With no competitive element, Journey gives you only the opportunity to work with other people. Without the structure of objectives and leaderboards, your fellow players are no longer a threat to your high score. Without names, they're much more human. "If you see 'iownyourdad' or 'ikillyourmom', you just instantly stop putting on those colored glasses, and it's not a human-human interaction anymore. It would be cool if we could make video games sociable like board games," says Chen.
Like the punch bowl at a party, Journey's tranquil landscape lubricates interaction. Quiet, calm, and sparsely populated, Journey is the ideal corner of the room for those tired of the deathmatch riff-raff. Mini-maps, objective markers, and mission hubs are replaced by totem poles, fluttering cloths and an omnipresent mountain. Your character has no gun, no medkits, no reticle; such things would only distract you from the journey and the other people around you.
"We cut the [character's] arms, because if you have arms, you think about picking up some kind of weapon and hitting something," says Chen.
"We had a goal to evoke a feeling that would make people want to socialize with each other, want to learn from each other. Empowerment distracts you from socializing. After the internet became popular, almost all single-player games became multiplayer, but I think a lot of those games are designed for individuals, not socializing."
Rather than work around his low budget, Chen has wholeheartedly embraces the practicalities of indie development. Journey's skeletal mechanics are at the core of his philosophy.
"We build our games like a Japanese garden, where the design is perfect when you cannot remove anything else. I think that by doing that, the voice of your work is more coherent. If you have a lot of clutter on the top, the work may be more impressive, but you won't really know what it's trying to say. Games have to be emotional. People need to experience a powerful range of feelings."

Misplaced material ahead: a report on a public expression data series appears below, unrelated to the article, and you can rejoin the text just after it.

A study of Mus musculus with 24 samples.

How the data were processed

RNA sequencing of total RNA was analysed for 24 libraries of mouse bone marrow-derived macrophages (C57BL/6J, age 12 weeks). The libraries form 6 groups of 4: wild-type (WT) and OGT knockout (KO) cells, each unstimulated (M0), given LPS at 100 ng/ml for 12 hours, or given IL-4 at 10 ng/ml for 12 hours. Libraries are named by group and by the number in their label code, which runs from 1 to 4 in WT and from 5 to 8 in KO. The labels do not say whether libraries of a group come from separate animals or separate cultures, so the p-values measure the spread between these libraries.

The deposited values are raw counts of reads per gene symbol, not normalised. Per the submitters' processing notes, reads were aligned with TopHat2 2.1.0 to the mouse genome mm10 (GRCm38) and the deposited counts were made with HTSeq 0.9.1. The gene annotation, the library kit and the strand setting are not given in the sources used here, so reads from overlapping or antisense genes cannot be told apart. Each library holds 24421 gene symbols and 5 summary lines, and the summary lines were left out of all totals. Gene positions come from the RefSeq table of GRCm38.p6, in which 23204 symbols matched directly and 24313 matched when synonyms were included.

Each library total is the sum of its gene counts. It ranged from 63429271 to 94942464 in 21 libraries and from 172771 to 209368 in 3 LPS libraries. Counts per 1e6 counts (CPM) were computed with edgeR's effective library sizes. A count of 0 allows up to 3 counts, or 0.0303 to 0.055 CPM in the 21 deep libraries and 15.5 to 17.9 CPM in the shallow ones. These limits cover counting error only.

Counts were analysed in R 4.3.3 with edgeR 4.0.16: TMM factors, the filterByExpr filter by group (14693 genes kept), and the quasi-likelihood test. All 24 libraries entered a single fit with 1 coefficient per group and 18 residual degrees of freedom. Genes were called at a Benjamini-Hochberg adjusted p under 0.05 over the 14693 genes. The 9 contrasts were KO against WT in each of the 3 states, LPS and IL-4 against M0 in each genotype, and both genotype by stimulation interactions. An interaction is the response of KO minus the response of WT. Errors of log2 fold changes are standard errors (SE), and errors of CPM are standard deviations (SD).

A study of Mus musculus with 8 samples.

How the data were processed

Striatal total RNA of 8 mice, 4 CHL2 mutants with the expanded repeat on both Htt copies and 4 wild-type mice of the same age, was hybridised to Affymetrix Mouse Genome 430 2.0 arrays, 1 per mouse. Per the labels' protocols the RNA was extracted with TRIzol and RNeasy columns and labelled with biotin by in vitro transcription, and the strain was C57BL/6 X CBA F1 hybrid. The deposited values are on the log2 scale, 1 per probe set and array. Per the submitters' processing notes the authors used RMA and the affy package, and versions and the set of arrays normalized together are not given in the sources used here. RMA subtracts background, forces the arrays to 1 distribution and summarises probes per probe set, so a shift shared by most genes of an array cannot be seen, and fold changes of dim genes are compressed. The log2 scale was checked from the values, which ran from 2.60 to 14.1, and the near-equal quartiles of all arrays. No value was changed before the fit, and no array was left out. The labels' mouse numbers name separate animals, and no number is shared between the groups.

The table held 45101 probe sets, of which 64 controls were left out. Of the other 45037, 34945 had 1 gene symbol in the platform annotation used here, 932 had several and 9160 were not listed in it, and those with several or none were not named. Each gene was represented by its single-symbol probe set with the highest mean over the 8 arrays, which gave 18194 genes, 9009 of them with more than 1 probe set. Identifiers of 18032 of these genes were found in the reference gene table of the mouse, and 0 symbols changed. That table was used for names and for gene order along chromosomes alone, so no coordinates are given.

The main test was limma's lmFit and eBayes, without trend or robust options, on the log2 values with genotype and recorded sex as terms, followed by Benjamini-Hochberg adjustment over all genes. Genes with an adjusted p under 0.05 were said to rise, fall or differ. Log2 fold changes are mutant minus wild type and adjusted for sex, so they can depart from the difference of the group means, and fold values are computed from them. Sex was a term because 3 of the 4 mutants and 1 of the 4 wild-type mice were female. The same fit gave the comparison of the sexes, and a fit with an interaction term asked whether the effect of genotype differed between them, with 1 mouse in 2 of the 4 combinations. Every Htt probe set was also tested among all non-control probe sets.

Feelings have always been at the centre of Thatgamecompany's work. From the meditative tranquility of flOw, to the encroaching urban anxiety of Flower, Chen's games radiate emotion. Journey is no different. Called away by an unseen force, players travel from sunlit desert to snowbound mountain in an abstract transition from life to death.
Far removed from the troubling, isolating empowerment that he perceives elsewhere, the public reaction to Chen's game has been a lot more humanistic. Thatgamecompany's Twitter feed has been flooded with tributes to Journey. "Ever played a game that made you pause for thought afterwards? I just have," one player wrote. "I may never see or hear from this person I journeyed with, but I will remember them," wrote another.
But Chen isn't just heaping on the sentiment for the sake of good reviews. Concerned by the industry's perceived immaturity, he's out to change the way we think about games.
"My biggest complaint for computer games so far is they are not good enough for adults. For adults to enjoy something, they need to have intellectual stimulation, something that's related to real life. Playing poker teaches you how to deceive people, and that's relevant to real life. A headshot with a sniper rifle is not relevant to real life. Games have to be relevant intellectually. You also need depth. You have the adventure -- the thrill of the adventure -- but you want the goosebumps too."